On Wednesday, the U.S. House of Representatives passed, by a vote of 336 to 82, the Medical Debt Relief Act, also known as H.R. 3421.
The bill, originally introduced last year in the House Financial Services Committee, would make it illegal to include medical debts on a consumer's credit reports, if those debts were paid or settled more than 45 days before the credit report is issued.
According to credit expert Rodney Anderson, who pushed for this bill and who has examined thousands of credit reports, some 40% of all credit reports have medical collections on them. According to his statistics, 12% of those collections have been paid; the other 88% were unpaid.
He also noted that people of every income level suffer from this problem – from lower income and middle class Americans to high net worth individuals.
"I talked to a lady the other day who told me: 'I didn't know that when my child got sick that my credit was going to get sick too'," says Anderson.
Indeed, the issue of medical debt impacts tens of millions of people -- from a credit standpoint and financially. In fact, according to the Commonwealth Fund, medical bill problems or accrued medical debt affects roughly 72 million working-age adults in America.
In 2007 alone, 28 million working-age American adults were contacted by a collection agency for unpaid medical bills. (More recent data isn't available. But those numbers undoubtedly increased during the recession). Also, studies show that medical bills are the single-largest cause of bankruptcy filings.
The House passage of the Medical Debt Relief Act now opens the door for the Senate to pass similar legislation, something expected to happen in a "lame duck" session after the November elections.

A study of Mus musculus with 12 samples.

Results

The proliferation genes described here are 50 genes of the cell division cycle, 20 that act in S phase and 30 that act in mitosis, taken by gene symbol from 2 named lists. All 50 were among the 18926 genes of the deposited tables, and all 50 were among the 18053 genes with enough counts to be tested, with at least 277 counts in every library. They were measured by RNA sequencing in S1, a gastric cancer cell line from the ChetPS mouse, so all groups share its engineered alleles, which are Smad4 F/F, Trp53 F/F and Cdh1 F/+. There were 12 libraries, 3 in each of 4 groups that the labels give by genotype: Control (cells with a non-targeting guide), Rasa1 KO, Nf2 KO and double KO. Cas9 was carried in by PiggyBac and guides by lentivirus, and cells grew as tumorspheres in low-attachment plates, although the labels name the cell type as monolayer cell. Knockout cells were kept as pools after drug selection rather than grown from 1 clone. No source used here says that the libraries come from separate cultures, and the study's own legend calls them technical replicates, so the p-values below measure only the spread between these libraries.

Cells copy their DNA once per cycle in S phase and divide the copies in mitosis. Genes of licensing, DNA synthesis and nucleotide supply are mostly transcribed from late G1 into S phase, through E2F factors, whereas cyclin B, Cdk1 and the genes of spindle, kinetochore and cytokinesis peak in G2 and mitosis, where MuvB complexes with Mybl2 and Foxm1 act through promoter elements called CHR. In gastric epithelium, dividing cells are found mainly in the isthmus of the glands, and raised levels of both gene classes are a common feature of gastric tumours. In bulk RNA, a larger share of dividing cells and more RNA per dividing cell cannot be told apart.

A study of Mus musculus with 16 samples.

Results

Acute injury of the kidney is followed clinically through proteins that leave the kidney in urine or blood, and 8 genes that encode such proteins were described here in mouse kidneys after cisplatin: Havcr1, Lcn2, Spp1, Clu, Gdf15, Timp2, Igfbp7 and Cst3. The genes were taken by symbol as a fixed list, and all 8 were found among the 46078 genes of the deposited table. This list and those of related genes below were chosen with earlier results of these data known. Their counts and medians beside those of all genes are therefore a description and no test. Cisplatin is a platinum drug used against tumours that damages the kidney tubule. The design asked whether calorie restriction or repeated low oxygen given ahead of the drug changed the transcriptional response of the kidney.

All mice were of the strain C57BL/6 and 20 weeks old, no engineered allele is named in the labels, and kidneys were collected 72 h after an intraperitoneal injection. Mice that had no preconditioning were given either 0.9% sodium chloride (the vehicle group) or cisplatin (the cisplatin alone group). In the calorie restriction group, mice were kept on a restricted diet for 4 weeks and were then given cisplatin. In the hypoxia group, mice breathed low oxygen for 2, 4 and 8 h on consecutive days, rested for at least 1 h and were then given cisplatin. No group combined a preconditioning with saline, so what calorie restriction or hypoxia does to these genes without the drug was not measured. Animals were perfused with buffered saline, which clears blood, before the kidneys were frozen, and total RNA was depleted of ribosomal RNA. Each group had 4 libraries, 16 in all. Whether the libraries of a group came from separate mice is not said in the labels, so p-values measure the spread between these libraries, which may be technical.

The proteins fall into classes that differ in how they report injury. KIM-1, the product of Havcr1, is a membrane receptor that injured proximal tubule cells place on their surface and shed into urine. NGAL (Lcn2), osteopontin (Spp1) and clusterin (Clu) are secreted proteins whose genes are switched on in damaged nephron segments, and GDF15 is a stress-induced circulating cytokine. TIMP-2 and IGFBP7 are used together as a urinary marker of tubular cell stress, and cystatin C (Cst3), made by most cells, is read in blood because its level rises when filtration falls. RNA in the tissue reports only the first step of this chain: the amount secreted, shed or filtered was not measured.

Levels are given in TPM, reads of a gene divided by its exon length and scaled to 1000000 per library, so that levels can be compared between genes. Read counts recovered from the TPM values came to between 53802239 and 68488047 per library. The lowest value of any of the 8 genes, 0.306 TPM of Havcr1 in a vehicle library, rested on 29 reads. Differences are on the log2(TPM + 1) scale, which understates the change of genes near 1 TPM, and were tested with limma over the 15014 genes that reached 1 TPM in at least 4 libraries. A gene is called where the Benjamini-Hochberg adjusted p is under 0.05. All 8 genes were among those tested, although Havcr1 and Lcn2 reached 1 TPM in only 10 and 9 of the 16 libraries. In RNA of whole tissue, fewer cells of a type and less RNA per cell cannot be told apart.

The Senate version of the bill isn't as far along, but it also appears to have wide bi-partisan support. It's currently in the Senate Banking Housing and Urban Affairs subcommittee.
In introducing the legislation in the House, Rep. Mary Jo Kilroy (D-Ohio), noted that "medical debt collections are more likely to be in dispute, inconsistently reported, and of questionable value in predicting future payment performance because it is atypical and non-predictive."
When asked why Congress should remove certain medical debts from consumers' credit reports, Anderson echoed Kilroy's sentiments. But he also noted another reason. He said medical debts are unlike other debts simply because the entire medical billing process is overly complex and almost completely in lacking transparency to consumers.
"Medical debt has a third party biller, called an insurance company," Anderson said. "That makes it very complicated and confusing for consumers. Most times we walk out of a hospital or doctor's office, there's no checkout line specifying your exact bill. We don't know exactly what we owe nor do we know what the insurer will pay."
Since the medical billing system is "flawed, and not accurate," Anderson said, small and large medical bills alike are often disputed by consumers -- many of whom wind up with dings on their credit reports over medical bills.
Having paid or settled medical bills deleted from consumers' credit reports could potentially boost millions of people's credit scores, giving them access to credit (like mortgages, auto financing or business loans) at much better rates and terms.
That would be welcome news to scores of consumers, especially considering recent data from Fair Isaac, creator of the FICO credit score, that about 40 million Americans – roughly one out of four with a credit file – have bad credit, or a credit score below 600.